OpenID is a free and easy way to use a single digital identity across the Internet.  With one OpenID you can login to all your favorite websites and forget about online paperwork.  It eliminates the need for multiple usernames across different websites simplifying your online experience.

For geeks, OpenID is an open, decentralized, free framework for user-centric digital identity. OpenID takes advantage of already existing Internet technology (URI, HTTP, SSL, Diffie-Hellman) and realizes that people are already creating identities for themselves whether it be at their blog, photostream, profile page, etc. With OpenID you can easily transform one of these existing URIs into an account which can be used at sites which support OpenID logins.

OpenID is still in the adoption phase and is becoming more and more popular, as large organizations like AOL, Microsoft, Sun, Novell, etc. begin to accept and provide OpenIDs. Today it is estimated that there are over 160-million OpenID enabled URIs with nearly ten-thousand sites supporting OpenID logins.


Who owns or controls OpenID?

OpenID has arisen from the open source community to solve the problems that could not be easily solved by other existing technologies. OpenID is a lightweight method of identifying individuals that uses the same technology framework that is used to identify websites. As such, OpenID is not owned by anyone, nor should it be. Today, anyone can choose to be an OpenID user or an OpenID Provider for free without having to register or be approved by any organization.


OpenID - key to unlocking the true potential of E2.0

OpenID can be a small (but key) part of the identity services story. The main problem that OpenID tries to solve is one that most people who use the internet extensively face - that of too many usernames and passwords. Instead of having to remember a username/password combo for each website they interact with (Google, Yahoo, Flickr, blogs, etc), you can set up and use a single OpenID account at all those websites instead. OpenID also hopes to provide a number of technological advantages to the whole authentication experience by figuring out ways to prevent phishing and pharming attacks.


So OpenID's main aim is at providing a secure, scalable solution for the authentication service in the identity stack. To a lesser extent, it also hopes to help the identity provider and authorization services by becoming a transport container for identity claims that drive these services.  OpenID-enabling existing applications for an external audience is already a trivial exercise. It's a simple API, and plugins or toolkits are available for most programming environments. I think the much bigger deal is looking at OpenID from the opposite perspective - using enterprise security infrastructure to support OpenID authentication.


Expecting Enterprise 2.0 success by simply adopting social networking features of Web 2.0 just seems a little naive. For a start, it implies and requires phenomenal change in the social and organizational fabric of a company to get off the ground, and there is no guarantee the benefits will be worth the pain of change. In many organizations it may just be too much, too soon, and fail completely.  Imagine for a moment the ideal world. I would have a corporate identity that works transparently within the enterprise and also for useful external services. And I could keep this quite separate from my personal identity.  The question is how realistically this can be achieved?  It will take Identity Management, Web Application providers, and Enterprise Software vendors to support third party OpenID credentials.  This will allow extending corporate identities beyond the boundaries of the organization in a safe and controlled manner.  This will likely be a slow process considering the delayed adoption of the previous contender SAML (Security Assertion Markup Language) - an XML-based standard for exchanging authentication and authorization data between security domains.  Part of the delayed adoption is due to proliferation of non-interoperable proprietary technologies.  In addition, there are enormous economic incentives for companies that run social networks to not let users of other networks access their services.  Shareholder value is often a function of how many users they have, and how hard it is to switch.  The harder it is to switch, the more money each user is worth.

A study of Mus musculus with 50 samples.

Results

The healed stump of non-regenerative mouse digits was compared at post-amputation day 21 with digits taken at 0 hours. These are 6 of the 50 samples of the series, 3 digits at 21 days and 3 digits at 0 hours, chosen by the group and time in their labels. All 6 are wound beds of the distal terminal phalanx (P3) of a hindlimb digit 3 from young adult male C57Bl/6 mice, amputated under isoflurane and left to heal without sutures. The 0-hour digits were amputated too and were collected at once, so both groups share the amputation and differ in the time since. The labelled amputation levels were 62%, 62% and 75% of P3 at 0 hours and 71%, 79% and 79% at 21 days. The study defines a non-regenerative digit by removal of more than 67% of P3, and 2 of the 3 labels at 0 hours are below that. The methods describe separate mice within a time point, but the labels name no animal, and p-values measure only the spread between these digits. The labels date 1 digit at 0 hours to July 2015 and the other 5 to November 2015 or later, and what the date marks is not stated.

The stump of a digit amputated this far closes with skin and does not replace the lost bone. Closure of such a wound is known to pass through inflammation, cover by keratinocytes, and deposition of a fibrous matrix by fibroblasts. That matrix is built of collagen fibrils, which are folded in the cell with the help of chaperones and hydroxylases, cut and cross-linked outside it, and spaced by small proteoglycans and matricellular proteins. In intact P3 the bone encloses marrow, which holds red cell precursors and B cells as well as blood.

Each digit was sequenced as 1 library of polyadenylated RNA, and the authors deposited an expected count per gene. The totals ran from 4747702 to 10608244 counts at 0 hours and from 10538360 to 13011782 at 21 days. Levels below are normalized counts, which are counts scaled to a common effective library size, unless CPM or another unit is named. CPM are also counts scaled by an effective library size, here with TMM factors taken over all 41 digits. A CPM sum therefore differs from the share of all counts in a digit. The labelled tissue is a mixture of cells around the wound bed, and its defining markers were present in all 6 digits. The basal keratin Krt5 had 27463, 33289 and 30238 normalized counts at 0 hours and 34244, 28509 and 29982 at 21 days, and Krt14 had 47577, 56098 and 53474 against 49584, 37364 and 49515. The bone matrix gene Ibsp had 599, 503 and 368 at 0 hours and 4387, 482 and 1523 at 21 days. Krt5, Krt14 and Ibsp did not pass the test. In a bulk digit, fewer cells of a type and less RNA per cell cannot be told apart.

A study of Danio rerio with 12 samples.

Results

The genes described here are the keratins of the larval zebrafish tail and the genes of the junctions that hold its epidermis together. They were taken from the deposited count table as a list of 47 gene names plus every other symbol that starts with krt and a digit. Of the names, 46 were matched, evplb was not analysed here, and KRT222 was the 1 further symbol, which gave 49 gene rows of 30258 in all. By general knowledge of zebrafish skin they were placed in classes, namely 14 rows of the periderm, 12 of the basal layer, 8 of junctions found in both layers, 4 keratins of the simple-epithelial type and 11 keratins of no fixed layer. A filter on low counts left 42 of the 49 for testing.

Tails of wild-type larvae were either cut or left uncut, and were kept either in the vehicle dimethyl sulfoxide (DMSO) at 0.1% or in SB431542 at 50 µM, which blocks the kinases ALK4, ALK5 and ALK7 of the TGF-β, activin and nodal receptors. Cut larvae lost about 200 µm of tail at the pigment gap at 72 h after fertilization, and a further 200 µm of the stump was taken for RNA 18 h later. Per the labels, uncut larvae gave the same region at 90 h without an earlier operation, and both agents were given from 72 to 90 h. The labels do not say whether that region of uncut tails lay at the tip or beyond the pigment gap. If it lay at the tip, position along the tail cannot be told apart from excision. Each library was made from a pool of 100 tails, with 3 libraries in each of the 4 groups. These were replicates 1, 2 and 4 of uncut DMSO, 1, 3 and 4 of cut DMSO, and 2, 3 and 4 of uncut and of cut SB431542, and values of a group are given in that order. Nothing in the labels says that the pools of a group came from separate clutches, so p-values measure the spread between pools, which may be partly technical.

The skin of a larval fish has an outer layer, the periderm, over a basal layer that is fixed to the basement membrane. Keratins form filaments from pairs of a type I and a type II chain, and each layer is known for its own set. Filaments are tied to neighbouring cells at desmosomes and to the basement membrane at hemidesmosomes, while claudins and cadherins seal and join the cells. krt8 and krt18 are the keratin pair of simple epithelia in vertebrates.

Comparing Enterprise Identity with Open Web Identity

And while OpenID iteself seems to have the upper hand in terms of marketshare and competent execution, it’s still too early to declare a winner in the Web identity sweepstakes. However, there’s no reason that enterprises can’t support all the digital identity and open social graph initiatives they find rewarding today, creating an open, successful two-way relationship with the Web and its countless offerings.


It’s just another example of how opening up and giving up control on the network can create gains larger than what you relinquish. For it’s clear that while there will be issues with open Web identity, particularly around phishing and other exploits, the advantage of having a single, simple, straightforward network identity for workers wherever they go could be an enormous win for forward-thinking enterprises.